The allegations — many of which are individually minor but span Gay’s entire academic career — cast scrutiny on her scholarship. Many within and without the University have argued that she ought to be held to the same standard as Harvard’s own students and faculty and called for her resignation.
Though Gay initially signaled that she would try to weather the charges of plagiarism, at first defending her scholarship and then making a series of corrections, the steady stream of new allegations — which continued to roll in during the final days of her presidency — only added to doubts about Gay’s fitness to effectively lead Harvard.
The Washington Free Beacon — a conservative-leaning outlet which has previously covered plagiarism accusations against Gay — reported Monday that an anonymous professor from outside Harvard filed an expanded complaint alleging six additional unreported instances where Gay allegedly lifted material from other scholars.
The professor had previously filed a complaint to Harvard’s Research Integrity Officer on Dec. 19 alleging more than 40 instances of plagiarism, many of which had already been reported by the Free Beacon, the New York Post, and conservative activist Christopher F. Rufo.
The new claims involve Gay’s 1997 Harvard dissertation and one previously unaddressed academic article — “The Effect of Minority Districts and Minority Representation on Political Participation in California,” published in 2001 by the Public Policy Institute of California — in which Gay used a description of the Voting Rights Act which closely mirrored a description in a 1999 book by David T. Canon.
But Canon, a political scientist at the University of Wisconsin, Madison, told the Free Beacon that he is “not at all concerned about the passages.”
“This isn’t even close to an example of academic plagiarism,” he said.
University spokesperson Jonathan L. Swain declined to comment on the latest allegations.
Gay first faced allegations of plagiarism in mid-December after reports in the Free Beacon and Substack claimed she plagiarized portions of her 1997 Ph.D. dissertation and three other academic works.
The allegations came shortly after Gay’s controversial testimony during a congressional hearing on antisemitism on college campuses, which sparked calls for her resignation from members of Congress, alumni, and donors.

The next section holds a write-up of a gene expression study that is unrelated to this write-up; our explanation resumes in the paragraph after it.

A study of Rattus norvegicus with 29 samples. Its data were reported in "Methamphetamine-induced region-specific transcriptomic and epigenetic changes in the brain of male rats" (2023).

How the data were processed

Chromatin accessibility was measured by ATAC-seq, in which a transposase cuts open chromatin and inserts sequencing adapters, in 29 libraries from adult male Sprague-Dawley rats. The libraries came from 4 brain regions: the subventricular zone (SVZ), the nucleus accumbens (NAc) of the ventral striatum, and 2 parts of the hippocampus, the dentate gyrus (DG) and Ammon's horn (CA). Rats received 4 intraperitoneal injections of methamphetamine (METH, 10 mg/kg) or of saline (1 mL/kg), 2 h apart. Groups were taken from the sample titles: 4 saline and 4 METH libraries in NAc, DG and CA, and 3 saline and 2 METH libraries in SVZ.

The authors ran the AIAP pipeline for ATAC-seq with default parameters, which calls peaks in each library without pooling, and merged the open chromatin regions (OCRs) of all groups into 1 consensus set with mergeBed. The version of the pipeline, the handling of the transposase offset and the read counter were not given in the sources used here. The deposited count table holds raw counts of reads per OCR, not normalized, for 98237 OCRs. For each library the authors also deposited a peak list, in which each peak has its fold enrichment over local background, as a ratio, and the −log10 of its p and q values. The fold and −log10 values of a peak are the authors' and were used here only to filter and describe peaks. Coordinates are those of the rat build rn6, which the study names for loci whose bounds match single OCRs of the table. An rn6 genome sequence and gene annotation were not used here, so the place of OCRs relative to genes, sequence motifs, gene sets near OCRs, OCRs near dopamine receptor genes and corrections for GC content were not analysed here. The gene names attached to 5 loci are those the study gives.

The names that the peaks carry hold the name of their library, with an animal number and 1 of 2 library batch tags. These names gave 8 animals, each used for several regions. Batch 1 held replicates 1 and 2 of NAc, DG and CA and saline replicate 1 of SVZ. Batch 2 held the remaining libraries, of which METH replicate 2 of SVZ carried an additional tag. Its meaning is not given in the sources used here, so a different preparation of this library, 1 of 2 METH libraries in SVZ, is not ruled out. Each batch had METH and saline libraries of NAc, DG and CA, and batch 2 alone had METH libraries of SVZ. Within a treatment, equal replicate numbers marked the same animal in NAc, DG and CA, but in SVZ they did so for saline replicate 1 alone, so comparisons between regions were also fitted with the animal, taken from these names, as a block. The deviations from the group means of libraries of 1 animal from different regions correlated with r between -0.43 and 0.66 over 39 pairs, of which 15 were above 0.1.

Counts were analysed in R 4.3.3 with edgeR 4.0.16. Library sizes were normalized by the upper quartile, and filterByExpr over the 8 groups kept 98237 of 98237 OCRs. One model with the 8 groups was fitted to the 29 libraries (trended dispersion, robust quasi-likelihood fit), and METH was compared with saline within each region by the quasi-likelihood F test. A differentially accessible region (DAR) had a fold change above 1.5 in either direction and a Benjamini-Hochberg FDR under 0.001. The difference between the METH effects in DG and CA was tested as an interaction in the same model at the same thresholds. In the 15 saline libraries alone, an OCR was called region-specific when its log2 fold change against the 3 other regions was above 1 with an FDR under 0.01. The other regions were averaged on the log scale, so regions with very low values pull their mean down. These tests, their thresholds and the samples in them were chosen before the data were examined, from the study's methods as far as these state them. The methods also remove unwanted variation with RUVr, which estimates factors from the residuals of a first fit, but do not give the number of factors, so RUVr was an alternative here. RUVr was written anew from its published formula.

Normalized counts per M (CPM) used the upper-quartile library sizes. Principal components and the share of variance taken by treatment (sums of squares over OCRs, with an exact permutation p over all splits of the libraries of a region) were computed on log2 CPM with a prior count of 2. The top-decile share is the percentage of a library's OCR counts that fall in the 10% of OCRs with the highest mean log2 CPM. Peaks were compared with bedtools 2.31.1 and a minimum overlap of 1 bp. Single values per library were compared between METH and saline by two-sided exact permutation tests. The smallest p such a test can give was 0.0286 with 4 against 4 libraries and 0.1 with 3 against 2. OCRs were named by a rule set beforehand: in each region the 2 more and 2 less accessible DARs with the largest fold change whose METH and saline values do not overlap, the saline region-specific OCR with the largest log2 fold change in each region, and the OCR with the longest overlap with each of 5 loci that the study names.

Gay’s presidency survived the immediate aftermath of the disastrous testimony with the unanimous backing of the Harvard Corporation — the University’s highest governing body — but the plagiarism allegations persisted.
Following an independent review, the Corporation announced that though instances of improper citations had been identified in Gay’s scholarship, they did not violate Harvard’s standards for research misconduct.
After the initial allegations, Gay requested four corrections in two articles. On Dec. 20, as plagiarism allegations continued to build up, the University announced Gay would make three additional corrections to her 1997 doctoral dissertation.
Two scholars from whom Gay was accused of lifting additional material on Monday, Franklin D. Gilliam Jr. and Gary King, both told The Crimson in December that they did not consider Gay’s use of their work plagiarism.
In a Tuesday email to The Crimson, Gilliam — the chancellor of the University of North Carolina at Greensboro — wrote that he is “saddened” by Gay’s departure.
“I have known Dr. Claudine Gay to be an active and contributory scholar for many years,” he wrote.
King — a Harvard professor who served as Gay’s dissertation adviser – previously defended the integrity of Gay’s work, saying that her dissertation “met the highest levels of academic integrity,” in a Dec. 11 statement to the Crimson.
“If you were going to commit plagiarism, would you plagiarize your professor’s work and expect to get away with it?” he wrote. King did not immediately respond to a request for comment on the latest allegations.
In a letter to Harvard affiliates Tuesday, the Harvard Corporation briefly acknowledged accusations against Gay, highlighting the “extraordinary contributions” she has made as a scholar.
In her own letter announcing her resignation Tuesday, Gay acknowledged the swirling questions about her academic work.
“It has been distressing to have doubt cast on my commitments to confronting hate and to upholding scholarly rigor—two bedrock values that are fundamental to who I am,” Gay wrote.